Just as nature abhors a vacuum, so do our minds fill music's sensory void with metaphor. But music can at least be high or low, can't it? No, because that too is a metaphor. The relative "height" of a note depends on the frequency of its vibration, and has nothing to do with its situation in space.
Moreover, this high-low notion, when expressed in terms of a keyboard, brings in its train another idea to which we are just as firmly wedded. Low-to-high means left-to-right: while the left hand growls, the right hand sings. Well, surely that goes without saying!
Oh no it doesn't. And to prove it is a man with a piano whose keyboard ascends from right to left. Chris Seed is a left-hander, and he's just created the world's first left-handed piano, out of sheer frustration. "At the Royal College of Music my tutors were always saying `If only your right hand were as good as your left.' My right was clumsier, which meant I had to shy off Chopin and the Romantics - the music I most wanted to play."
Two years ago he tried a computerised keyboard in a mirror image of the normal pattern. He found he adjusted to it remarkably quickly, so decided to commission the building of a real-life instrument - a replica of an 1826 Graf fortepiano - along similar lines. "People told me I was mad, but I knew it was a good idea."
Just how good an idea it was emerged recently when he took his Graf to a period-instrument fair in Bruges, where left-handers fell on it with delight. He noted that Oriental players were particularly adept at it, right-handers as well as left. "Maybe it's because they're already used to making this kind of adjustment, having to read at home in the opposite direction."
Making the change, he says, has fundamentally altered his perception of certain pieces of music, a discovery that may have interesting implications for right-brain/left-brain research. Meanwhile, psychologists at the Royal Holloway College are devising a project - based on Seed and his seedlings - to examine the way that old habits affect our acquisition of new skills, and also the way these new skills may in turn affect the old habits.
There is a celebrated ocular precedent for what Seed is doing. What we see is printed upside-down on the retina,but our brains interpret it as the right way up. When people are experimentally given glasses that automatically invert the image, they spend three days in ocular confusion before their brain can readjust. When the glasses are taken off, they stumble about again until their brain reverts to the original adjustment.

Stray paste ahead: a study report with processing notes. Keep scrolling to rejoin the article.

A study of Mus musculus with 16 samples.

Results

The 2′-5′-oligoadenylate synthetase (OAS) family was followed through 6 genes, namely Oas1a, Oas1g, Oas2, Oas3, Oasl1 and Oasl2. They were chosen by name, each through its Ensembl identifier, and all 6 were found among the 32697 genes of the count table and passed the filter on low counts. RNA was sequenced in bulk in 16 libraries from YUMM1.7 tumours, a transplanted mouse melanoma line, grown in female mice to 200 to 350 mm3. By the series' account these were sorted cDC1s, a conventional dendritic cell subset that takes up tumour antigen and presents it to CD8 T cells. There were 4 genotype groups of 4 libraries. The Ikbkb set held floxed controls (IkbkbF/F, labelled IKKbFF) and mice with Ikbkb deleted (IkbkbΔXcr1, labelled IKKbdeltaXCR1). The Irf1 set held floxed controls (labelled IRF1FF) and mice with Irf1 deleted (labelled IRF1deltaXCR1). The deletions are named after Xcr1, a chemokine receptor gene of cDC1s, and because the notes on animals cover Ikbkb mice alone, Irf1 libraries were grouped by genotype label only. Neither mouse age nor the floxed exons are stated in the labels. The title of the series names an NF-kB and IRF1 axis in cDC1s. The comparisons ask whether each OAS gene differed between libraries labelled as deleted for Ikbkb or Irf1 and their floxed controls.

It took Seed two weeks to make his initial adjustment, and when he plays a conventional instrument he must consciously switch modes, but he now plays as comfortably in both directions. But he is not a typical case, whereas I most certainly am, and when I try to pick out a simple tune on the Graf I feel as though I'm going mad. After a few minutes I discover it's easier with my eyes shut, but the thing still seems deeply weird.
Seed laughs: his eight-year-old son, who is also a left-hander, apparently plays in both directions, as do his left-handed pupils at Winchester College where he teaches one day a week. Will this invention make him rich? "I doubt it. I looked into the patent situation, but was told I couldn't own rights because the thing has no new parts. I'm just the pilot for an idea."
On the other hand, he has patented a simple midi adaptor (available from Loughborough Projects, 01509 262 042) which will invert any electronic keyboard. This, I guess, could be a morale-booster for young left-handers. Next Thursday he will give a recital on his Graf at London's Queen Elizabeth Hall - Mozart, Beethoven, Schubert and Chopin. This will be a triple coming- out - for the left-handed concept, for the rare Graf replica, and for himself as a pianist. Yes, he admits, the evening will have a lot riding on it.